In this era of Peak TV, it’s impossible to keep up with all the different shows jostling for your attention – so when one comes along that requires 65 episodes of background watching, you’d be forgiven for wondering if you should bother at all.
That’s the situation faced by new Marvel/Netflix series The Defenders, which sees the heroes of its various standalone superhero series – Daredevil, Iron Fist, Jessica Jones and Luke Cage, played by Charlie Cox, Finn Jones, Krysten Ritter and Mike Colter – finally go for an Avengers-style team-up, uniting to battle evil ninjas after facing smaller threats in their own series.
But could you watch The Defenders without having seen all five previous series (including two seasons of Daredevil), or even without knowing who these characters are at all? Or would you find yourself lost in a world of magic chi, Harlem heroes and Purple Men?
We put this question to series showrunner Marco Ramirez, and he acknowledged the difficulties posed by the mass of backstory – but added that he believes the show will function just as well for newcomers as dyed-in-the-spandex fans.
“By design, we just had to make something that did five different things,” Ramirez said.
Krysten Ritter, Finn Jones, Charlie Cox and Mike Colter in The Defenders
“We had to make a show that was for the viewer who had only seen Daredevil. We had to make a show for the viewer who had only seen Jessica Jones, who had only seen Luke, who had only seen Iron Fist. And for the viewer where Defenders is the first thing they’re ever gonna see.
“There are viewers who will have seen two of the shows and none of the others, or three, or none! And so for that, the thing had to work for everyone. It had to be this universal adaptor plug-in thing.”
Accordingly, Ramirez looked for inspiration in a model that had proven to work for assembling disparate superheroes – the Avengers film franchise, which shares a universe with Marvel’s Netflix series (though no characters have crossed over onscreen as of yet).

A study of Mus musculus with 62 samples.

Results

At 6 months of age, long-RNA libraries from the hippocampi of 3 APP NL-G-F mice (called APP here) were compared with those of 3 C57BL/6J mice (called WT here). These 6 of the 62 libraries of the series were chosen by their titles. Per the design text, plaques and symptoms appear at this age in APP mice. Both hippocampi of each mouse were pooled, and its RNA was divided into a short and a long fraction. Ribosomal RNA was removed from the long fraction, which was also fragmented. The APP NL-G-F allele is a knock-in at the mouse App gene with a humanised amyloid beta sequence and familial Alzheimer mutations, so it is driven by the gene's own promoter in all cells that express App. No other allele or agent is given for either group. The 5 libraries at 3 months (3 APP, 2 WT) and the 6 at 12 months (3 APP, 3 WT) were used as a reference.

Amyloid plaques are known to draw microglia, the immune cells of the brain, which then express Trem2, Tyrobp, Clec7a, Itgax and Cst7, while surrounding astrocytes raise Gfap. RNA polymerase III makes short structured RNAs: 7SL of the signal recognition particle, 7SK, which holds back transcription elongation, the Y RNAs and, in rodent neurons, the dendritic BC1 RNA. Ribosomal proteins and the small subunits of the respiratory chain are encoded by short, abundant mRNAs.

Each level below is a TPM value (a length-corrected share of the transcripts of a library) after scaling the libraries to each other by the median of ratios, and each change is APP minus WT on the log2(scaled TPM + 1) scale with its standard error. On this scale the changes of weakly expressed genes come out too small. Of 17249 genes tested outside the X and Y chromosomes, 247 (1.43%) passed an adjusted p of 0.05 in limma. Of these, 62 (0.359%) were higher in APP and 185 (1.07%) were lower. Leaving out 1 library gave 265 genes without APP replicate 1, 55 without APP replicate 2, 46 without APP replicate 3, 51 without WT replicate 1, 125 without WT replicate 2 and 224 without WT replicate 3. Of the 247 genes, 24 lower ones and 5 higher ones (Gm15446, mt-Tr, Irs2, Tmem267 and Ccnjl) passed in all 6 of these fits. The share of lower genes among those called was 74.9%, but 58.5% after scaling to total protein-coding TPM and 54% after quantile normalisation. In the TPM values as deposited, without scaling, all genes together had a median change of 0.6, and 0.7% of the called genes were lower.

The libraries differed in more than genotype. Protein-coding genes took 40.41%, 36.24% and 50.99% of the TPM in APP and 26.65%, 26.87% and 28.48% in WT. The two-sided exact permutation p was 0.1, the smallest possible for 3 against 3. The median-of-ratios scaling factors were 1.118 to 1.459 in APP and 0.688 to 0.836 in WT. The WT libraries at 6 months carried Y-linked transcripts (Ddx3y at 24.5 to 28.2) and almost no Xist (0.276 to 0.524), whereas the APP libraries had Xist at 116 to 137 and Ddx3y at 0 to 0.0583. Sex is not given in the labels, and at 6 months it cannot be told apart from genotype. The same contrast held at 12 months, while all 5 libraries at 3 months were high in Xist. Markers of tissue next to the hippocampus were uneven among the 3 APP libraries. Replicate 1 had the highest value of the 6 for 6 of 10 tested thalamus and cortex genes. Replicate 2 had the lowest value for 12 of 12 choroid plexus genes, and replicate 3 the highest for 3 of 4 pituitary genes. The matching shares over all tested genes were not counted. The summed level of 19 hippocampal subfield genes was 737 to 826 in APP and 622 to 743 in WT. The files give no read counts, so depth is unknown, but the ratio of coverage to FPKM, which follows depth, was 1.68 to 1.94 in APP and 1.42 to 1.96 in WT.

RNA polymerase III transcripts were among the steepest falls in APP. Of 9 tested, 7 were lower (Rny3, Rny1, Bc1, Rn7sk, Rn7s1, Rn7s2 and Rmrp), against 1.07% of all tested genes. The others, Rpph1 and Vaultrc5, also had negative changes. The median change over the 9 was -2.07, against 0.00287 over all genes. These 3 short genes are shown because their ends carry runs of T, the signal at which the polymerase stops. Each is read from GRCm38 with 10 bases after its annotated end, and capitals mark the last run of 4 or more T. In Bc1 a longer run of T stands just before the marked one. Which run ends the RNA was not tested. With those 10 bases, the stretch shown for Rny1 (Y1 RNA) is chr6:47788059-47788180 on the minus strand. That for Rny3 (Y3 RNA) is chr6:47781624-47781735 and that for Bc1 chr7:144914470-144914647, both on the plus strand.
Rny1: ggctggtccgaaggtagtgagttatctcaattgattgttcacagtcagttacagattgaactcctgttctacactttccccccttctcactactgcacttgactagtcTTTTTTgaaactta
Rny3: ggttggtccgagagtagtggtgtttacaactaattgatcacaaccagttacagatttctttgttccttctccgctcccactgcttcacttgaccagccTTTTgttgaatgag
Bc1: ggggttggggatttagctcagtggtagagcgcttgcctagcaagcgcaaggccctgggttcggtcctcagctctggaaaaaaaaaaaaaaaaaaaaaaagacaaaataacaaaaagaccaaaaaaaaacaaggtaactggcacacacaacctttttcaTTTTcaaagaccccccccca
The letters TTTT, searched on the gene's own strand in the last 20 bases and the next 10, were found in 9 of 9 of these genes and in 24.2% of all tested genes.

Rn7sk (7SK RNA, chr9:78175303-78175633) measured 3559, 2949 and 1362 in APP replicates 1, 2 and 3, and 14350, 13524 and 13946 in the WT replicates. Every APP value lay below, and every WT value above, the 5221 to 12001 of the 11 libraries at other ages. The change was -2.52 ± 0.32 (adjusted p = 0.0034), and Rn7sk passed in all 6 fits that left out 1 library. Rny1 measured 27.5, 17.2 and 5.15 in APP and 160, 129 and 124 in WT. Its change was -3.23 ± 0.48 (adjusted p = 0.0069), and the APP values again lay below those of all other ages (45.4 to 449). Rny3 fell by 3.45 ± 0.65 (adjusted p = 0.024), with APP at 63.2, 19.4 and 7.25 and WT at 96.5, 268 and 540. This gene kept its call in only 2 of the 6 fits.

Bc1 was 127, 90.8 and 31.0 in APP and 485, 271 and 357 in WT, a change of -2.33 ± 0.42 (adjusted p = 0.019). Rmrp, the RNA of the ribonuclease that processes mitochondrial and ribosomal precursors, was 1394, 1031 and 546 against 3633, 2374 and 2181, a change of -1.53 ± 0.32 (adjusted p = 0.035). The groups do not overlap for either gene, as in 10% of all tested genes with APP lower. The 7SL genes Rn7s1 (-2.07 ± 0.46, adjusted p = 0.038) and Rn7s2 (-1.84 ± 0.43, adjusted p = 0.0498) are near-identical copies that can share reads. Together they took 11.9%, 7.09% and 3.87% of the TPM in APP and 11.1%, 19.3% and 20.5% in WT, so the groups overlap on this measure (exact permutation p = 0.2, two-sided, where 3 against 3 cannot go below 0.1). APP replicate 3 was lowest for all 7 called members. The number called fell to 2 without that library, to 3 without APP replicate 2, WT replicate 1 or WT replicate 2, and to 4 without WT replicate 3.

“The [first] Avengers movie works even if you’ve never seen a single one of those movies,” Ramirez explained.
“’Oh that’s flying god guy? Oh that’s rich guy with the super suit? OK cool, I’m putting that all together.’ You kind of can get it.”
But of course, the series also had to cater to fans who HAD watched every single minute of every Netflix/Marvel series to date, meaning Ramirez and his team were forced to walk a delicate tightrope in the writers’ room.
“Because Netflix has all the data of how many people have watched what show, they were like ‘we need a show that won’t bore the audience who’s already seen all of Daredevil,” he told me.
“We don’t want to over-explain Daredevil lore. We also don’t want to under-explain it.’
“So it was a delicate tightrope to walk. It’s one of the thankless parts of this job and that endeavour, how delicate that was to walk the line between exposition, so you’ve got just enough that you can know it, even if you haven’t seen any of these shows, bordered with not over-explaining it in case you had seen it, so you wouldn’t be like ‘why are they re-explaining Jessica Jones’ backstory to me, I know.’
“It’s kind of a run-and-gun thing where you kind of only get everything you need to know to understand this story. And if you’re intrigued, and want to know more about who the heck Luke is and where he comes from, and you haven’t seen Luke, I imagine you’re going to want to go back and watch it.”
Elodie Yung as Elektra and Sigourney Weaver as Alexandra in Marvel’s The Defenders
I give Ramirez an example of a moment in an early episode that struck me as particularly impenetrable for new viewers – the reveal of a character captured by Sigourney Weaver’s villain Alexandra, whose imprisonment will only be significant to anyone who’s watched Daredevil – but he disagreed that such moments will necessarily leave viewers confused.
“There are a couple of things like that where we’re like ‘Well, if you don’t know who it is, is it going to matter?’” Ramirez said.“ And similarly with [resurrected friend-turned-foe] Elektra – if you don’t know who that is, is it going to matter?
“But in some cases, visually, if I hadn’t watched Daredevil and suddenly Sigourney Weaver takes the mask off this guy, I’d still be like, ‘who the f*** is that guy??’
“Similarly with Elektra, if you don’t know who Elodie Yung plays on the show, and this woman just shows up in this beautiful black trenchcoat and does all this awesome s*** with two swords, like, you’re still going to maybe care! Even if you don’t know ‘oh that’s Elektra’ it’s going to be like, ‘who’s the chick in the black coat?’
“Every time it was a Rubik’s cube. It was like OK now, pretend I don’t know any of Jessica Jones’ backstory, right? So if anyone mentions ‘I know the man who abused you long ago’ and I didn’t watch JJ, how am I going to know that’s impactful? How am I going to know that’s an insult?
“So it was always like, OK make sure if you mention something about Luke’s past in one scene, make sure the audience who might not know what that is also understands at least what the impact is. So there’s a lot of that.”